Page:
It wasn't your typical self-evaluation. Shoot: For Florida State forward Jacinta Monroe, it sounded more like a confession.
"Last year, my confidence level was fluctuating," said the 2006 Gatorade Florida girls player of the year out of Fort Lauderdale. "It was high one day and then low the next day. It had nothing to do with the opponents. It was me. I just had confidence issues."
Injuries and academic issues forced coach Sue Semrau to use 18 different starting lineups in FSU's 33 games, and the lack of continuity affected Monroe more than any other player.
But that wasn't the whole story.
"There were some games where a couple bad plays or whatever and you'd lose her," senior guard Mara Freshour said. "And it was hard to get her back."
Not so these days. Monroe, a 6-foot-4 junior, worked harder than ever in the offseason on her game and exudes a palpable assuredness that each and every night, she will play well. Very well.
That sure bodes well for the No. 21 Seminoles, who begin their quest for a fifth consecutive NCAA Tournament berth Sunday against visiting Florida Gulf Coast.
"She comes with a maturity to practice. She doesn't let things bother her; the circumstances outside no longer dictate how hard she's going to go," Semrau said. "Her mind is made up that she is going to be a dominant player regardless of who's on the floor."
If so, look out. Despite her admitted up-and-down season, Monroe still averaged 10.2 points (third on the team behind now senior guard Tanae Davis-Cain and Freshour), 6.2 rebounds (team high) and 2.4 blocks (to give her 141, 69 shy of breaking the school record set by Brooke Wyckoff).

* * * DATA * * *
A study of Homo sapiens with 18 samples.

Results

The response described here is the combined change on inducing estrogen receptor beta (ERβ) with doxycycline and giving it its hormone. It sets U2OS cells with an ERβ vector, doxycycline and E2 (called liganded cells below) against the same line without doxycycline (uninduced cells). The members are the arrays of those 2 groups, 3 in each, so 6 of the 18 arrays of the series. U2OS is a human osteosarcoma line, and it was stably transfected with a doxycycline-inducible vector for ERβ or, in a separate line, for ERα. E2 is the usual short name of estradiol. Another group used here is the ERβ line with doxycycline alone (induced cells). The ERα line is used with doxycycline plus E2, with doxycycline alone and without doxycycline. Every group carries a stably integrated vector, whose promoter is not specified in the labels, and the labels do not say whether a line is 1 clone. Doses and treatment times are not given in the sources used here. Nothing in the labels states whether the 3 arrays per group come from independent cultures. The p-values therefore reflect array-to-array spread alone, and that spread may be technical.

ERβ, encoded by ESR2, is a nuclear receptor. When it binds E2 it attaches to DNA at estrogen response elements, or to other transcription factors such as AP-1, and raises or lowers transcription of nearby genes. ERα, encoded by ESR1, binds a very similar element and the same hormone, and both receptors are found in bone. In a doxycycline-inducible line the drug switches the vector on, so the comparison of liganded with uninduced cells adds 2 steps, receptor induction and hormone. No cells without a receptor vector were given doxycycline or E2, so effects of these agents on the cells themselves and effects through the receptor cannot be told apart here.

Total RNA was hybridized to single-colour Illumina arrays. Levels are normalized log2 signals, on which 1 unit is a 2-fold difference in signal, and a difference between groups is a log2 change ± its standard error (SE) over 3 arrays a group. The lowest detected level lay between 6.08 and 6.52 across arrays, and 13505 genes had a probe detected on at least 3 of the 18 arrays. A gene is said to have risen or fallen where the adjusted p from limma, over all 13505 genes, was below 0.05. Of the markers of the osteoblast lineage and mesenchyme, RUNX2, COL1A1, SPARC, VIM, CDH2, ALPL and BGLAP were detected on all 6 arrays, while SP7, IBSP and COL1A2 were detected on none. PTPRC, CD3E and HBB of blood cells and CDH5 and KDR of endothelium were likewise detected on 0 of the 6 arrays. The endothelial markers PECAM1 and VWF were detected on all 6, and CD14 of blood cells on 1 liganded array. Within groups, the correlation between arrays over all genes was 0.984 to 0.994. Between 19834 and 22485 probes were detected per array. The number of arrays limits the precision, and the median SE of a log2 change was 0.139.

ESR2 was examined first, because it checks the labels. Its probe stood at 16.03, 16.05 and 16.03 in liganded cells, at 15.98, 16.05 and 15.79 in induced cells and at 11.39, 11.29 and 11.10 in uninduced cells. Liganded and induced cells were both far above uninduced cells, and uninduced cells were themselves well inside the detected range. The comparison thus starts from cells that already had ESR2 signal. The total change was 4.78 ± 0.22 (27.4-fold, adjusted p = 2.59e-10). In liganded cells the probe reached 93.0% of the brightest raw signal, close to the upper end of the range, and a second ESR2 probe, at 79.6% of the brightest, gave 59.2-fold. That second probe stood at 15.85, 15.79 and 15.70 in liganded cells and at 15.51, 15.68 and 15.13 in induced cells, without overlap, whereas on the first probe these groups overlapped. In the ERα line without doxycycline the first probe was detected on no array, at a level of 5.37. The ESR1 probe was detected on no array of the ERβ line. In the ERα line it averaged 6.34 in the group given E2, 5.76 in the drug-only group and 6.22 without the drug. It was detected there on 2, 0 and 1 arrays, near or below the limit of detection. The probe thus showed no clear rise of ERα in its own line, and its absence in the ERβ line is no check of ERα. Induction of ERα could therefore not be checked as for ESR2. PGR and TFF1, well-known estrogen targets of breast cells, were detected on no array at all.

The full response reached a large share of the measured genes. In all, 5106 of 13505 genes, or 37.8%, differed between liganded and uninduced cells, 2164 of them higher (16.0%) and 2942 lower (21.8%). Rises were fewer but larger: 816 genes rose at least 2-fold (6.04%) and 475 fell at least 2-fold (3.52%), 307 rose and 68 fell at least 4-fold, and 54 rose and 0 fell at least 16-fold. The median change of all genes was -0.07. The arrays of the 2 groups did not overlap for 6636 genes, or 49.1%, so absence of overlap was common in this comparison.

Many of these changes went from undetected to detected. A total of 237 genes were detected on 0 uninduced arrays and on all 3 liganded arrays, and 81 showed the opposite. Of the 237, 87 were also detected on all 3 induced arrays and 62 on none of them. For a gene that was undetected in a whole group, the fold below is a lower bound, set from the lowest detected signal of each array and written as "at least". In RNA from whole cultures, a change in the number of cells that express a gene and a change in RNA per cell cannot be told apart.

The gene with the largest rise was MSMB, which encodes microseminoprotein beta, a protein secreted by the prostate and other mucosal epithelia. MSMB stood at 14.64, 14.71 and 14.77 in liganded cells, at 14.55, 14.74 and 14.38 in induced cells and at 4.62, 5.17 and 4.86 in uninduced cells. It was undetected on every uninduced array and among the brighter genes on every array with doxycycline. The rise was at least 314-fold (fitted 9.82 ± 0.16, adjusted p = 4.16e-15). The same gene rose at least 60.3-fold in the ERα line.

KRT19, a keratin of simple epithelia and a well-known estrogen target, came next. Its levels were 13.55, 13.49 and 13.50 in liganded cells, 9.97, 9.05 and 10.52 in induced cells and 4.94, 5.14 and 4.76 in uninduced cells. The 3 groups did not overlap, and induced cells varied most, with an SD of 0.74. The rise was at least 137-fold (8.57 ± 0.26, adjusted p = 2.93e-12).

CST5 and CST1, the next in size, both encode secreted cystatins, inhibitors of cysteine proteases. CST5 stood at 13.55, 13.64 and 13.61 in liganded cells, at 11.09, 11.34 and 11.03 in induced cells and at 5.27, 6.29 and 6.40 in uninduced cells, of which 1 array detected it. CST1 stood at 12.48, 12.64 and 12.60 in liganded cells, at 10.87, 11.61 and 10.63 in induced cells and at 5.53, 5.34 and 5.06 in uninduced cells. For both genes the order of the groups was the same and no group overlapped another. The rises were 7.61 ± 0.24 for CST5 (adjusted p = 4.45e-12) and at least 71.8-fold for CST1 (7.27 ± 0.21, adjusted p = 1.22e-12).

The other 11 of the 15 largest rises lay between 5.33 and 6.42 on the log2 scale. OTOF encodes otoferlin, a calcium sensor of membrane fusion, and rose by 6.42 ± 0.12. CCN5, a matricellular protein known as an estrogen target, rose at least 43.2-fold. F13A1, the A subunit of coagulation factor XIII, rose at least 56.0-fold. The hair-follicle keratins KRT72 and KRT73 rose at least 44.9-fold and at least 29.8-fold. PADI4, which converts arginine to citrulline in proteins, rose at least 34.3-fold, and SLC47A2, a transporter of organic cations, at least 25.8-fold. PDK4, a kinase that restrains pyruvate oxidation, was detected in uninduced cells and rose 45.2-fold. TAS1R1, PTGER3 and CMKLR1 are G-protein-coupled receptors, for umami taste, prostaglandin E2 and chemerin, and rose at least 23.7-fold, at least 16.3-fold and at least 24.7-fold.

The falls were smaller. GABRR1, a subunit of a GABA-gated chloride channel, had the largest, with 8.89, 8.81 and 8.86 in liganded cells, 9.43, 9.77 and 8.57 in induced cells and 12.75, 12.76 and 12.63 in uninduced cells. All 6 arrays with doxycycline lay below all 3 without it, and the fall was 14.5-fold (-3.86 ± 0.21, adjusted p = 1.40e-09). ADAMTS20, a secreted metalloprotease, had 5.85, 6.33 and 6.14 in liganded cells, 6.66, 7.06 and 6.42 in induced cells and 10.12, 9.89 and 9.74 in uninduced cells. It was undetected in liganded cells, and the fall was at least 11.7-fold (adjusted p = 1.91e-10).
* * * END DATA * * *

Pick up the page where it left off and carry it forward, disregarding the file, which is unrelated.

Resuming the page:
Monroe will tell you that the turning point came in last year's postseason. After a lackluster performance in FSU's loss to Duke in the ACC tournament (she had two points and one rebound in 16 minutes), she had eight points and nine rebounds in an upset of Ohio State in the NCAA Tournament and followed that with 14 points (4-of-9 shooting from the floor and 6-of-7 from the line) and a game-high 13 rebounds in a 73-72 overtime loss to Oklahoma State.
"The light switched on for me," she said.
Her coaches and teammates sure have noticed a difference.
Monroe had 29 points and 15 rebounds in FSU's first exhibition game, but Semrau said the most impressive thing that night was that she was steady and sure, even in how she boxed out and directed her teammates — things that don't show up in a box score; things that didn't always show up in Monroe's game.
"She's bringing a confidence that I've never seen, and she's also bringing a consistency," Freshour said.
The presence of freshman center Cierra Bravard should help Monroe maintain both traits. The 6-4 Bravard is powerfully built and will demand double teams in the post. That should create more space for everyone and help stabilize everyone's role at both ends of the court.
"Last year, I knew I was needed, but, as far as my niche and what I was good at, I wasn't too sure, I was just all over the place," Monroe said. "Because of the work I put in over the summer, my confidence has skyrocketed. Not to the point where I'm going to be boastful about it, but where I can go in, night in and night out, and play hard and score."
Brian Landman can be reached at firstname.lastname@example.org or (813) 226-3347.